March 27, 1968
See Original Daily Bulletin From This Date

Dr. Nahum Goldmann, president of the World Jewish Congress, told the Conference of Presidents of Major American Jewish Organizations today that hopes for an early Israeli-Arabian settlement were fading and that the Mideast problem might be back on the United Nations Security Council agenda next month. He added that world Jewry “must remain mobilized in the face of an international political situation fraught with difficulty for Israel.”

In a review of European problems, he said little improvement could be expected in regard to maintenance of Jewish identity and development of a Jewish cultural and religious life by Soviet Jews as long as present Soviet-Israel relations remained unchanged. He declared that the “anti-Semitic” propaganda drive in Poland must be condemned though the Polish Jewish population was small and the danger of physical attack against the Jewish community was minimal. In other East European countries, he added, the position of the Jewish communities remained unchanged, although some liberalization of government policy could now be expected in Czechoslovakia.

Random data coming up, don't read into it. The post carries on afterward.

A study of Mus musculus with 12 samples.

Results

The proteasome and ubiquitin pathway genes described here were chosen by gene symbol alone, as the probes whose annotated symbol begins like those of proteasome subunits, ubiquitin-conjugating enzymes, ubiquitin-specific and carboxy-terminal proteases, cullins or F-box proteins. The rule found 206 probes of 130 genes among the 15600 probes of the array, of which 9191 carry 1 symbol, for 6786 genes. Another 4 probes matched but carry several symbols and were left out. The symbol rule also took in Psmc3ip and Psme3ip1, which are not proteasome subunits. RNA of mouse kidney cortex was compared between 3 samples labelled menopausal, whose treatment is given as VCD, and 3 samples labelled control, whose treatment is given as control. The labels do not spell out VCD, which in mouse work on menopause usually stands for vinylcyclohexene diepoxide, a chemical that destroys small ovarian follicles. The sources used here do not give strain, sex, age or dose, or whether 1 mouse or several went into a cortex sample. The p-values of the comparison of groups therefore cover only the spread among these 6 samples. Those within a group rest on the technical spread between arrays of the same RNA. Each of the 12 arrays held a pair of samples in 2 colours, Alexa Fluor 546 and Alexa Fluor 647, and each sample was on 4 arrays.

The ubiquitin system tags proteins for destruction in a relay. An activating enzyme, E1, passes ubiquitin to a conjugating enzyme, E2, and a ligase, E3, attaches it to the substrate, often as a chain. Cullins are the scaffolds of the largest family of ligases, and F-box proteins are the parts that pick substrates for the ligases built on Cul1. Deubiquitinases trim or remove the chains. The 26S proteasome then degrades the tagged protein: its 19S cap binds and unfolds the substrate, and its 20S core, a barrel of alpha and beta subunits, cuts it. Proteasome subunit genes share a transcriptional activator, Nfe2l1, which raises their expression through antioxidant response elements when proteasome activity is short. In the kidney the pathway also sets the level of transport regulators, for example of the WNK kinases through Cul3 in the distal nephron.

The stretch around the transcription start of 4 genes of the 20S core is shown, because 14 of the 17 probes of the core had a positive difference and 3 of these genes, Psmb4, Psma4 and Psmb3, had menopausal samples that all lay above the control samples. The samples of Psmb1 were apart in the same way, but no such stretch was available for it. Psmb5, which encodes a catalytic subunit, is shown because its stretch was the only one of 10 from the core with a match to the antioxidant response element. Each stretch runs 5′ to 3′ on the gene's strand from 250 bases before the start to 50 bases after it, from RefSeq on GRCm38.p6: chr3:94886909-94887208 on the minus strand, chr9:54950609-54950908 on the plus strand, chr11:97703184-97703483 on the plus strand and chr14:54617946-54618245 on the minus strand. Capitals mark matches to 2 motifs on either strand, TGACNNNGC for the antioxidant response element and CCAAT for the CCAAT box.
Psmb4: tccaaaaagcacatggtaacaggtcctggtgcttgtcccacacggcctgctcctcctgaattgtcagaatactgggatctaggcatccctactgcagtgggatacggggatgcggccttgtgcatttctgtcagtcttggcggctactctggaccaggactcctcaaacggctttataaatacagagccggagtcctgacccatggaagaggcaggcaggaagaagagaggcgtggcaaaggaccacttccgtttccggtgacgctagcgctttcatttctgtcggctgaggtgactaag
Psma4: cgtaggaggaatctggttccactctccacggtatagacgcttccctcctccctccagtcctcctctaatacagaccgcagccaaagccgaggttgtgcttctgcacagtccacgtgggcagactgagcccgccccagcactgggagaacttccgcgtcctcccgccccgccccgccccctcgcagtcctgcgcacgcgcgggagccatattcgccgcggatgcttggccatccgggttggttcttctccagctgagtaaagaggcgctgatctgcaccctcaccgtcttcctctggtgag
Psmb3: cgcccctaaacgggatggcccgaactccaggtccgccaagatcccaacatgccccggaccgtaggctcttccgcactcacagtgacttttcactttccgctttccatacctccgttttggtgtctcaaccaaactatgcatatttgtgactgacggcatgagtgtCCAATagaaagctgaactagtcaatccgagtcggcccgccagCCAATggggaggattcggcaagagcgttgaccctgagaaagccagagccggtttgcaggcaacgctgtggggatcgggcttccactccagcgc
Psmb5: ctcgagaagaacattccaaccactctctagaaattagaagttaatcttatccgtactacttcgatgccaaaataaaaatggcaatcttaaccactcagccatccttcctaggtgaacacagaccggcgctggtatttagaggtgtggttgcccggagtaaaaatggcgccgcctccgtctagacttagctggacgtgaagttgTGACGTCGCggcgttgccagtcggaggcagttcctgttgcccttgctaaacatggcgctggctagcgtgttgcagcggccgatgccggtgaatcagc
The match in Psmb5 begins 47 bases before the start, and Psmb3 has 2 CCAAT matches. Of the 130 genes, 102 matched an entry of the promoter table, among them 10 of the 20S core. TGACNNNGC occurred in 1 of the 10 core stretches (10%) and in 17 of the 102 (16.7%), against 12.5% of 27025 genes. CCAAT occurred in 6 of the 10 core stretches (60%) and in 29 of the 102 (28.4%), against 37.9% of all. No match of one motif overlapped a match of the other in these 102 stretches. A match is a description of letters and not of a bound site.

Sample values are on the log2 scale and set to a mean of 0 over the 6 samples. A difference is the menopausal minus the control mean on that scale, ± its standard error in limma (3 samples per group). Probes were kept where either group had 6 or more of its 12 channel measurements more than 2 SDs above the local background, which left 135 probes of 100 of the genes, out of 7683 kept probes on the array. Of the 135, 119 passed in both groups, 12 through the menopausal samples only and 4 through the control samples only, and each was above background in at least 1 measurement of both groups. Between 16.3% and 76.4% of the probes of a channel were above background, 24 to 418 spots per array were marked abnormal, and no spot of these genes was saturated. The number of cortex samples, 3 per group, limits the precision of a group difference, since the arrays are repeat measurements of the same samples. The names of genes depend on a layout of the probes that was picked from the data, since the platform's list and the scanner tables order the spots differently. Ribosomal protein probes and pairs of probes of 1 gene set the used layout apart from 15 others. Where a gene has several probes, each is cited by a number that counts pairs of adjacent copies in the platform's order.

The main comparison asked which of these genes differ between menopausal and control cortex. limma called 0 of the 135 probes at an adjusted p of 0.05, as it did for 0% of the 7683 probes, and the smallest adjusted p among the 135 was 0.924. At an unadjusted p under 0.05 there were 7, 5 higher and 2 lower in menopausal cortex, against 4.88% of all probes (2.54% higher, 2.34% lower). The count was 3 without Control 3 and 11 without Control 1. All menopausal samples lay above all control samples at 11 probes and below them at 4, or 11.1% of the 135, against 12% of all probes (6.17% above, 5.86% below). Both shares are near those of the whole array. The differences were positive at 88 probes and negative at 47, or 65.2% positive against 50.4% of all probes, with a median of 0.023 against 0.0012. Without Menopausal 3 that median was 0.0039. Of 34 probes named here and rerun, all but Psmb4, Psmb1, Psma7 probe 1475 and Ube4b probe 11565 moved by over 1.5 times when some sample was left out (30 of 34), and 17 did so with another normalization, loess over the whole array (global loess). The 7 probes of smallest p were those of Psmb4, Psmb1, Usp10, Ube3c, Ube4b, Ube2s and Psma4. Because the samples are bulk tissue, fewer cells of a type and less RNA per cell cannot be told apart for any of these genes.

He predicted that the “right-wing” and “anti-Semitic” National Democratic Party in West Germany would gain a number of seats in coming elections to the West German Parliament and warned that the rise of the party was “a greater danger to German democracy and the Western alliance than to the Jewish community because the remaining number of German Jews is so small.”

He also urged that “everything should be done to rescue” the few thousand Jews left in Egypt, Syria and Lebanon, saying those Jews were in “permanent danger” as long as the Arab-Israel conflict continued.